In June 2004, the bank and LA Development entered into a loan agreement, with obligations due to the bank secured by two mortgages. In the fall of 2008, LA Development needed more money to complete a housing development; INTA LLC agreed to advance $705,000 to LA Development. A three-party closing occurred between LA Development, INTA and PNC Bank, which included a subordination agreement that made all liens, mortgages, encumbrances, security interests and assignments of every kind granted to the bank subordinated and made secondary to those of INTA.

Two years later, PNC filed a complaint for damages to foreclose on the mortgages and for appointment of receiver against LA Development, INTA, and two individuals who guaranteed the loans. At issue on interlocutory appeal is the denial by the trial court to appoint a receiver.

PNC argued that it satisfied the requirements of I.C. 32-30-5-1(4)(B) and (C), which required the trial court to appoint a receiver. INTA maintained that the bank relinquished its right to the mandatory appointment of a receiver in the subordination agreement.

The Court of Appeals found the subordination agreement is ambiguous, so the judges looked to the parties’ intent when construing the agreement and the other closing documents. The argument that the bank subordinated all of its default rights and remedies in the mortgages by signing the subordination agreement, as INTA argued, can’t be reconciled with the language in the forbearance agreement signed on the same date and at the same closing, wrote Senior Judge Carr Darden.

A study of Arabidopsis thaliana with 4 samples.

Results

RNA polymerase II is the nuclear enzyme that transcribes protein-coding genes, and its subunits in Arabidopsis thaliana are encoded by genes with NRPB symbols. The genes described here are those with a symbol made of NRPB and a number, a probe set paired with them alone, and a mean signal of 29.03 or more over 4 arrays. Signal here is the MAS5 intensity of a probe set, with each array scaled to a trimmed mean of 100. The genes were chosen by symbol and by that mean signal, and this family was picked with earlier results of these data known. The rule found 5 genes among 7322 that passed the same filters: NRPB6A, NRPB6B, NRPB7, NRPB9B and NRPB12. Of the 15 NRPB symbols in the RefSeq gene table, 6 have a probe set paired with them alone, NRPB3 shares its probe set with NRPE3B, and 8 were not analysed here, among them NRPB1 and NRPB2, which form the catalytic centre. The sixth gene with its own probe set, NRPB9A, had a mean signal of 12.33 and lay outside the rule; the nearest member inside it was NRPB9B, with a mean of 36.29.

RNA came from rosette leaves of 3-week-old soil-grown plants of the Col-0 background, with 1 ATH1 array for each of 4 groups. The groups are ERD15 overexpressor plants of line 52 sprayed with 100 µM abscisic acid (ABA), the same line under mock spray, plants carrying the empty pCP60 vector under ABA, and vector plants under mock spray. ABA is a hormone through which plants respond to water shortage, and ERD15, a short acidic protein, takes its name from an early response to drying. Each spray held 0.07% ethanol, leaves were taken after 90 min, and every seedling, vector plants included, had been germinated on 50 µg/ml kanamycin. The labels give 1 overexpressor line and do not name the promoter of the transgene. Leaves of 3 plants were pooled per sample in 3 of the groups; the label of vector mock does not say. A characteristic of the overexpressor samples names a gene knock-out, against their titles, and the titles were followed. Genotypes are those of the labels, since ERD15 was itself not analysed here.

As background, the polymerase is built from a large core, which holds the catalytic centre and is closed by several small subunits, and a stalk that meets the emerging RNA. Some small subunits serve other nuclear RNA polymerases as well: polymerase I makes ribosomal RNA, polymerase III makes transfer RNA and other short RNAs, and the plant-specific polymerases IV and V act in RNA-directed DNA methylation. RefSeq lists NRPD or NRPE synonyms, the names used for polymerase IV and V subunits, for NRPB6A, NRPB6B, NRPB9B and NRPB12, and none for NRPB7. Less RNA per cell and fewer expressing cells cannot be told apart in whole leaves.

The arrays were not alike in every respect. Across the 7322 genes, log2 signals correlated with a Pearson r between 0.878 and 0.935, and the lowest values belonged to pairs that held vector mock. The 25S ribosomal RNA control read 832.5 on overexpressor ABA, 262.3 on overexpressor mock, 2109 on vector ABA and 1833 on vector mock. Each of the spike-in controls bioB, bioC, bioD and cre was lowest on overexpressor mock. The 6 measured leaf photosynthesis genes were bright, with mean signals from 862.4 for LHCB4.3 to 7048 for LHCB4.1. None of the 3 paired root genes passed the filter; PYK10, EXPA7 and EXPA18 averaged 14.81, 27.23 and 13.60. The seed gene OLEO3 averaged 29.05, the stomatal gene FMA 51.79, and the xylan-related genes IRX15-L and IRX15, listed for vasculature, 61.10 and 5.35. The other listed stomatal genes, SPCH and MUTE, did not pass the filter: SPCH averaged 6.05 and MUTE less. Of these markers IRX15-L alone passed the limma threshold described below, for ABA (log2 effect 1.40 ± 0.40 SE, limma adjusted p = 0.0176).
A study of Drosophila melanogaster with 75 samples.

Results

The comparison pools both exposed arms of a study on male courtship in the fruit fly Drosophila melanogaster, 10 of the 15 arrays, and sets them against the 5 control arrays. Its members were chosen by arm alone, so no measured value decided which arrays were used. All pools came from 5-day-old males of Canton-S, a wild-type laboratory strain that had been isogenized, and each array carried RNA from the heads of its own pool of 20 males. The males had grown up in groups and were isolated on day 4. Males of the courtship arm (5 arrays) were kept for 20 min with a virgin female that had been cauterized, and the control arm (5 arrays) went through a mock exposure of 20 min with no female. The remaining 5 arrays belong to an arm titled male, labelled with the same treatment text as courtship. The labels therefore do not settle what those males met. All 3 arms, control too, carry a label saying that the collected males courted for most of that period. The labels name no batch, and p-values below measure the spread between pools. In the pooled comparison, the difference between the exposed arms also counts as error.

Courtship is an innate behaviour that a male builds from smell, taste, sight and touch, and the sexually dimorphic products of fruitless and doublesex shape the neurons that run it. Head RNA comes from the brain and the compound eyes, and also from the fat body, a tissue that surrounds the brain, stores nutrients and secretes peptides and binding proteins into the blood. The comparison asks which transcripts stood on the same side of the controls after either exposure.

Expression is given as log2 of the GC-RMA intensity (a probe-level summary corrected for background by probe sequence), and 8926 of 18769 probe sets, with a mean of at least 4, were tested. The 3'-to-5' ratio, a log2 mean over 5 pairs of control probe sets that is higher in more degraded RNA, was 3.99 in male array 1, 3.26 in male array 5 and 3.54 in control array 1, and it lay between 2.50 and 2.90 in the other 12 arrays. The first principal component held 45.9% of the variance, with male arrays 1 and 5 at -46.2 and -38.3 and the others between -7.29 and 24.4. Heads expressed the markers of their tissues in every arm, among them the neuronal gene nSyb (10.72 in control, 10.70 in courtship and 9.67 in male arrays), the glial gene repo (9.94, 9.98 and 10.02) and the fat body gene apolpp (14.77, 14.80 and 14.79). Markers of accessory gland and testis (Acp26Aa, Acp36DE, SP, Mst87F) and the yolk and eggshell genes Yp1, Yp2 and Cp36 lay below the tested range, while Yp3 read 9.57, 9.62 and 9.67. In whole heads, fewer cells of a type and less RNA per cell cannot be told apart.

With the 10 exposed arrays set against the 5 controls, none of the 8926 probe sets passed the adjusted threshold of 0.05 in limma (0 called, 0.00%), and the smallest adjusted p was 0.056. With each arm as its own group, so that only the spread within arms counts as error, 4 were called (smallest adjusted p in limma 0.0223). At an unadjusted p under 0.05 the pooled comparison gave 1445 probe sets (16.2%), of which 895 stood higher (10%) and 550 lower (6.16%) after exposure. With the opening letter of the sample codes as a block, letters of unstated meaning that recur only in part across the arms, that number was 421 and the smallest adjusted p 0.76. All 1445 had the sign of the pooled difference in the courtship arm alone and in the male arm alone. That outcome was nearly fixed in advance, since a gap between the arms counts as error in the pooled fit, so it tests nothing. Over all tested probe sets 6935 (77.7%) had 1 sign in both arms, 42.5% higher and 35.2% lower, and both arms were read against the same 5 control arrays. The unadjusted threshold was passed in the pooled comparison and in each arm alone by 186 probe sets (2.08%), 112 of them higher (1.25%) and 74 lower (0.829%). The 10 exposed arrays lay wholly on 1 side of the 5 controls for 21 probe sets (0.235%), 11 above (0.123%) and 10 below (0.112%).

Also, the extrinsic evidence shows that the parties didn’t intend to subordinate all rights and remedies. The bank foreclosed on the housing development, which INTA concedes is authorized.

“If the Bank waived all of its enforcement rights and remedies under the mortgages by executing the Subordination Agreement, then the right to foreclose on Harrison Crossing would be included. Either the Bank subordinated all of its enforcement rights and remedies in the mortgages or it did not. INTA cannot pick and choose which rights and remedies the Bank subordinated to support its argument,” Darden wrote.

The judges ordered the trial court grant PNC’s request for the appointment of a receiver.

 


  2. I have a case presently pending cert review before the SCOTUS that reveals just how Indiana regulates the bar. I have been denied licensure for life for holding the wrong views and questioning the grand inquisitors as to their duties as to state and federal constitutional due process. True story: https://www.scribd.com/doc/299040839/2016Petitionforcert-to-SCOTUS Shorter, Amici brief serving to frame issue as misuse of govt licensure: https://www.scribd.com/doc/312841269/Thomas-More-Society-Amicus-Brown-v-Ind-Bd-of-Law-Examiners

  3. Here's an idea...how about we MORE heavily regulate the law schools to reduce the surplus of graduates, driving starting salaries up for those new grads, so that we can all pay our insane amount of student loans off in a reasonable amount of time and then be able to afford to do pro bono & low-fee work? I've got friends in other industries, radiology for example, and their schools accept a very limited number of students so there will never be a glut of new grads and everyone's pay stays high. For example, my radiologist friend's school accepted just six new students per year.

  4. I totally agree with John Smith.

  5. An idea that would harm the public good which is protected by licensing. Might as well abolish doctor and health care professions licensing too. Ridiculous. Unrealistic. Would open the floodgates of mischief and abuse. Even veteranarians are licensed. How has deregulation served the public good in banking, for example? Enough ideology already!